As a writer, but more importantly as a person with a deep obsession to consume music, I hear a lot of stuff. Much of it is clouded in my own attitudes about a band’s previous work, their members on a personal level or where they fit on the weird & wonderful map of things I’ve already heard.
I’ve been making a massive conscious effort to be more easy going about how I approach new music, in two ways. I’ll seek out new music based on good reviews of friends & press I respect. That has been surprisingly less fruitful than my second approach: randomly clicking on shit in Soundcloud or Spotify.
I am 27 years old and thanks to the latter, I have discovered I am a huge fan of Kraut and psych rock. What a cool piece of self discovery (it’s not). Who cares? If my brain seems set on some vague Eurotrip fantasy, I’m gonna chase what makes my ears flutter (yes that is a twothirtyeight easter egg).
One of the new albums I’ve held onto and played in the car incessantly — the best sign of whether it’s made it’s way into my heart or not — is Younghusband’s Dromes.
I haven’t lived inside a record this much since Alt J’s Mercury Prize-winning “Awesome Wave”.
band worked with Nicholas Vernhes, a producer with list of credits long enough to speak for itself. Spoiler alert: this bro’s good. Like Deerhunter Monomania and Dirty Projectors Bitter Orca good.
My brain keeps navigating me back to the Broken Bells self-titled full length, and with my anticipation of Danger Mouse & James Mercer doing it again on their second attempt After the Disco in 2014, maybe Dromes hit at just the right time.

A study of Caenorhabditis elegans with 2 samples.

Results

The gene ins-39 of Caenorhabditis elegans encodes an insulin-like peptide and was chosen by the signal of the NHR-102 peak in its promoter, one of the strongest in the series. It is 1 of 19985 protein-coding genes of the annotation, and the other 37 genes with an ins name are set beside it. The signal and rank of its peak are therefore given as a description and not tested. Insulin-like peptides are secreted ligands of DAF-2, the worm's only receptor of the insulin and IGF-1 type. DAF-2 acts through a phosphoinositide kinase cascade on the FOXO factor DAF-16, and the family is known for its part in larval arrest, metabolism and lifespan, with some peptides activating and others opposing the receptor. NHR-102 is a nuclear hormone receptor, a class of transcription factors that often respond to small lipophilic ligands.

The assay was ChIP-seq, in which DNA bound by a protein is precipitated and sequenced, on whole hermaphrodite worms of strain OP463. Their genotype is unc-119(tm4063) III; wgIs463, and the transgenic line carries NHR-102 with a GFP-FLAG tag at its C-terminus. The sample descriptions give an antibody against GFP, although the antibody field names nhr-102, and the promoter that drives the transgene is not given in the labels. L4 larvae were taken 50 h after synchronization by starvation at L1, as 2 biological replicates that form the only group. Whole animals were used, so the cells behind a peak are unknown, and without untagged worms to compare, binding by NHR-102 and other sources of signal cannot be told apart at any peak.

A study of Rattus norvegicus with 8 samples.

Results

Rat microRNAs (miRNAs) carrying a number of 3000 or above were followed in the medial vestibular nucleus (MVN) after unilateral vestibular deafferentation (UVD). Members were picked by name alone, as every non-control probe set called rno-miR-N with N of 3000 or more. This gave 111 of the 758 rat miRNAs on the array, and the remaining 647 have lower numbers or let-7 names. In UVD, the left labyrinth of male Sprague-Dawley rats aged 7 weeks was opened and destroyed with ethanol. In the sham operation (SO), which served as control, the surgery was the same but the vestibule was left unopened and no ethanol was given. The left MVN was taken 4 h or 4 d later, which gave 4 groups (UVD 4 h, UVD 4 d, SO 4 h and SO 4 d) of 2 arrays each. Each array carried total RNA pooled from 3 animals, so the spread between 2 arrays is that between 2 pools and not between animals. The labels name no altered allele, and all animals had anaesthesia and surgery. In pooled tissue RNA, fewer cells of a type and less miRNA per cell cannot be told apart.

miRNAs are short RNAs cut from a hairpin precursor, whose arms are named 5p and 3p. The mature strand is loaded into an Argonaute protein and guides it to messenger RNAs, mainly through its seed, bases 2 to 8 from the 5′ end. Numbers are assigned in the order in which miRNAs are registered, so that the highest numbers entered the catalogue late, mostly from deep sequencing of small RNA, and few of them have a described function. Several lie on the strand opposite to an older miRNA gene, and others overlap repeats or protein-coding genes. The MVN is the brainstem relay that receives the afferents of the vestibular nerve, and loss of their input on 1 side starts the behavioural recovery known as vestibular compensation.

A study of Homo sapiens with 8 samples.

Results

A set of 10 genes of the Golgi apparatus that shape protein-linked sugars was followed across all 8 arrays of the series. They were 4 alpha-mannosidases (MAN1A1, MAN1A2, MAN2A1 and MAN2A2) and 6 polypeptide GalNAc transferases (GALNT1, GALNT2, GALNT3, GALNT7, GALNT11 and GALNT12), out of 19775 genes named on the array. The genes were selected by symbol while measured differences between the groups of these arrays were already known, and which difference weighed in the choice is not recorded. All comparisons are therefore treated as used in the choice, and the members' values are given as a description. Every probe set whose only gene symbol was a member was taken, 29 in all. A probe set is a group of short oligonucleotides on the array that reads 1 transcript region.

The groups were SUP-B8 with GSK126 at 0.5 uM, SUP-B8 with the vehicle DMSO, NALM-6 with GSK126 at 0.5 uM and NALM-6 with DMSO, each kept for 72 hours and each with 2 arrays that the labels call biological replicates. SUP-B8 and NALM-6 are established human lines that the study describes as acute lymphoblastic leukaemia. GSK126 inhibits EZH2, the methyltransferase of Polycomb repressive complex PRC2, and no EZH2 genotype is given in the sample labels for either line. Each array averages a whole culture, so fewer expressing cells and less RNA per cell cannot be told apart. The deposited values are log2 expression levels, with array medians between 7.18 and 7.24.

Lead singer Euan Hinshelwood isn’t completely James Mercer (Shins, Broken Bells as I said above). It’s quite obviously got a heavy dose of Tame Impala.
This is the part where you all begin to stop respecting me. I’m not the biggest fan of Tame Impala. That’s probably gonna ostracize the hell out of me with my own peers, but fuck it. I was into wavy and immersing Bonobo at the time and didn’t have enough head or heart space to dedicate to Tame Impala’s soundscapes. HAVE NO FEAR: Chris and Culture Czar did and can attest to that record & the band’s liveshow.
Getting back on track, this has just enough drift, barreling guitar & breathy repetitive lyrics to be the next best freshman album you listen to.
Dromes is up in full on Spotify now.